Walnut is traditional, and I've used maple on flintlocks and one Mauser. What else makes a good stock? Richards sells myrtle. Any experience with that? Any others?

If someone wanted a nice looking stock cherry and maple were common options. Today decent walnut is getting hard to find and is now somewhat expensive.

A quick search shows some folks are making laminated Birch stocks today.

What else makes a good stock?
Depends on the cut and domestically, American Black Walnut is good. Basically. hard-woods and Secondary hardwoods are also good. In the European hardwoods, I prefer Turkish Walnut and another one that I can't spell. Again, the cut is important. One domestic wood that I would not recommend, is Red-Oak. White Oak and maple are also used. ..

You need to differentiate between domestic and foreign hard and secondary hardwoods. .....


Walnut is commercially grown, so it is one of the few sustainable harvest woods, the main reason it was used for so many things. It also has cross-linked grain, which makes it a bit stronger and harder to split. There are numerous varieties of walnut, each with their own properties. Here in the States we use a lot of Black walnut for gunstocks, but European walnut gives us several varieties as well (Bastogne, English, French, Circassian, Turkish), and there are Asian, African and South American walnut woods (not sure if they are all true walnuts, though). Claro walnut (California black walnut) is not very dense, but it is pretty when you get a nice piece.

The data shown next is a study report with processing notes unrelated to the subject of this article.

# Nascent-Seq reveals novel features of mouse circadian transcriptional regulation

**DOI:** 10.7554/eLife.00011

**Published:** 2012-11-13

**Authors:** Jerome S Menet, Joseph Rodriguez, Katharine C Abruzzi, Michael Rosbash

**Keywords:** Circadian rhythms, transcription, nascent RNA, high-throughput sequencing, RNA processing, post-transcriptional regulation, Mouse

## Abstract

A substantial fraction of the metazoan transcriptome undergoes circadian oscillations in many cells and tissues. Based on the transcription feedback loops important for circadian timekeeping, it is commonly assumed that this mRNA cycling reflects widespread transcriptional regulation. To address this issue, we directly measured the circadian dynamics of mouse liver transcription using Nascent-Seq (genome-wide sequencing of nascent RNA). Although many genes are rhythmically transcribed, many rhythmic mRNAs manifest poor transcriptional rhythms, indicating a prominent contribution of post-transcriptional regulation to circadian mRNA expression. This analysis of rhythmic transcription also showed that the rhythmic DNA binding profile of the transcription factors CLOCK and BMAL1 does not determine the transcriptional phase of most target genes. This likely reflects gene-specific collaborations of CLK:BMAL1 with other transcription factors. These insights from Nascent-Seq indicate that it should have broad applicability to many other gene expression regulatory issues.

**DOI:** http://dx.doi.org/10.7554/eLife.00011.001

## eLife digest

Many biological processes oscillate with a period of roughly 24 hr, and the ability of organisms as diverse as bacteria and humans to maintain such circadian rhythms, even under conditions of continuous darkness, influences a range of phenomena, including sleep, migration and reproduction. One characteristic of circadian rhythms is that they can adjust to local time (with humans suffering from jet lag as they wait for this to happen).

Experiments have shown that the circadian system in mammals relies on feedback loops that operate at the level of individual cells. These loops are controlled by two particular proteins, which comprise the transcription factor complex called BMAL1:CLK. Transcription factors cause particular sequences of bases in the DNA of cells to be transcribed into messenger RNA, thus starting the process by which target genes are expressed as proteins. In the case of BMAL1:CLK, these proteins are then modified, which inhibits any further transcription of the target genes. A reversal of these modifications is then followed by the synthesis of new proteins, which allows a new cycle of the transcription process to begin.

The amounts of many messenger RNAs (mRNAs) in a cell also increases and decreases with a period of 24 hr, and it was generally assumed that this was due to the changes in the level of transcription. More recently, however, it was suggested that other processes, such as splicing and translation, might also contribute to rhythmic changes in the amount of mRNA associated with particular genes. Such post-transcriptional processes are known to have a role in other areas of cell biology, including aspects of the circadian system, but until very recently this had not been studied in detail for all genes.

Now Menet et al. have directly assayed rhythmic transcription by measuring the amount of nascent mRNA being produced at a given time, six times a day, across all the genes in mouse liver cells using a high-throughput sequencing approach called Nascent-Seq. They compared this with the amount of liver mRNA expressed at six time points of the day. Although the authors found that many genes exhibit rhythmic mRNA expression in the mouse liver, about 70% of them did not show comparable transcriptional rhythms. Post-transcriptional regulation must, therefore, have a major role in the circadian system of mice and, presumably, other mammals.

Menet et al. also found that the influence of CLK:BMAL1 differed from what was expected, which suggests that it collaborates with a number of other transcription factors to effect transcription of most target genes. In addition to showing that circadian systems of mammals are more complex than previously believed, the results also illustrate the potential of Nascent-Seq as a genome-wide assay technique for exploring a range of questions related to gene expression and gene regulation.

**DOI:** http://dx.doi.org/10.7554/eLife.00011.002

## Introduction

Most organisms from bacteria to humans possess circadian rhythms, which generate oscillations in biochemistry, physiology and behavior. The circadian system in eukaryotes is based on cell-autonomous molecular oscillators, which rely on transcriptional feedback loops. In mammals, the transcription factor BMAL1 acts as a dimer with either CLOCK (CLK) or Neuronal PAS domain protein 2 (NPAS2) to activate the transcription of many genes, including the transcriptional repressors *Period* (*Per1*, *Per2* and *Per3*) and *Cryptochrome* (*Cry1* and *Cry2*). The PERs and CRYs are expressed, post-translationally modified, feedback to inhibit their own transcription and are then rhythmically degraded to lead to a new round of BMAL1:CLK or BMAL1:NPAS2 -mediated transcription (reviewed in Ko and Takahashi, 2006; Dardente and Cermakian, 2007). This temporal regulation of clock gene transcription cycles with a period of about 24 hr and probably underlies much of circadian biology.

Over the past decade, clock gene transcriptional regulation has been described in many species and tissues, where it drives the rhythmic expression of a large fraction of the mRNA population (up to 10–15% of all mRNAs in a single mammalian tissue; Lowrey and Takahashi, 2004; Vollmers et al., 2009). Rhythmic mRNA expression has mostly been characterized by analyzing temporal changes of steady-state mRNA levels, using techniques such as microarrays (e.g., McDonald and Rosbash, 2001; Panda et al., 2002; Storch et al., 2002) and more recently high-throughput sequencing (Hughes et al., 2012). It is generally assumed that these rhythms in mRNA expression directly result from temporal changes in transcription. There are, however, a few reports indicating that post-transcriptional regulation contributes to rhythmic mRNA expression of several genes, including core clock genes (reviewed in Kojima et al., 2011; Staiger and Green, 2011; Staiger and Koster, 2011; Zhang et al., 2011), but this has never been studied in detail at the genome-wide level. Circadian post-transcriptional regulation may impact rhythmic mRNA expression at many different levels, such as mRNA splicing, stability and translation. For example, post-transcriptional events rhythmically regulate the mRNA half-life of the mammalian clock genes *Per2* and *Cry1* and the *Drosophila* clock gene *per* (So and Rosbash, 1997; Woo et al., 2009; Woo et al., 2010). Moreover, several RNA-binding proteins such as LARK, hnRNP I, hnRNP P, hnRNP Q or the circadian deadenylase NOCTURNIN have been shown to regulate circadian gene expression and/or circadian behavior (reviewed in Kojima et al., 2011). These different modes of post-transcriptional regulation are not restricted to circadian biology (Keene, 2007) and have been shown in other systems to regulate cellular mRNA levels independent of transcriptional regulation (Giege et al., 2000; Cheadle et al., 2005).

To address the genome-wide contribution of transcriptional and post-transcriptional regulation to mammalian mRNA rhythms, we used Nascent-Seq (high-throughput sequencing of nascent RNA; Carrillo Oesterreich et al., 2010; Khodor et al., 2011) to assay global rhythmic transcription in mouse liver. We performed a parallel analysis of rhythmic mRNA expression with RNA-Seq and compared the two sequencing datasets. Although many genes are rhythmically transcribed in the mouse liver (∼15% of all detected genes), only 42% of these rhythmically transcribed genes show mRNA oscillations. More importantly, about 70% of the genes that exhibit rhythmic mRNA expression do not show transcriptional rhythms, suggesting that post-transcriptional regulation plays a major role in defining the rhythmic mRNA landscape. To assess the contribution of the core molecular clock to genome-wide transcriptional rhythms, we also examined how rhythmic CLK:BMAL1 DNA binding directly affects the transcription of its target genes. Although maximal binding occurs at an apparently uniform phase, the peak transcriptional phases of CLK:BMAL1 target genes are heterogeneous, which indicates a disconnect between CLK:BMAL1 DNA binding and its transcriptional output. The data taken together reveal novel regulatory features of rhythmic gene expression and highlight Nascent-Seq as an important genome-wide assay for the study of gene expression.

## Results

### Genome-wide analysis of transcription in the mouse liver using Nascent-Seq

Most commercially available maple is commercially grown (sugar maple), but there is enough wild maple on the market to make it hard to say one way or the other. Maple is pretty, easy to work and sand, and about the same density as walnut, but is not cross-linked. Most maple blanks I see are sugar maple (eastern maple, hard rock maple, fiddleback maple, etc), but you will find Western maple as well (big-leaf maple, silver maple).

Various fruit woods and nut woods are suitable for gunstocks, thy're just hard to find in a big enough piece to use for a gunstock due to horticultural practices (nobody wants to pick fruit 30 feet off the ground). Apple wood is beautiful, but most commercial orchards do not let their trees get past 20 years old, not big enough to yield a slab large enough to carve a gunstock out of. Mulberry wood is pretty, but there is not a lot of it grown any more. Pear wood is nice but rather bland. Hazel wood is very nice and beautifully grained, but you will have trouble finding a piece big enough to make a rifle stock. Cherry wood is beautiful, plum wood is pretty, olive wood is kinda bland. There are a lot of woods you can use.

Tropical woods are interesting but expensive. Years ago I had a customer ask if I could make him a stock out of purple heart. When I checked the price for a slab that thick, it was pricey. But it would have been beautiful.

Legume woods can be really pretty, but a re generally hard to work. Koa is a type of locust tree from Hawaii, it can be bland or beautiful. Mesquite and desert ironwood are pretty, but finding a piece big enough for a stock can be like finding a four-leaf clover. Paulonia has purple-ish grain if you're into that type of stuff. Madrona fiddleback is pretty but brittle. Manzanita is pretty. There are so many, but walnut is cheapest.

Was just toying around on Boyd's website for small parts for a stock I purchased from them.

They sell pre cut hardwood laminate blanks.

I have a carbine length flintlock musket that is my go to for chasing those dang elusive deer around. Tiger Maple, or some call it striped maple. Sometimes I even forget there are deer to chase after some days... Just drool-worthy!!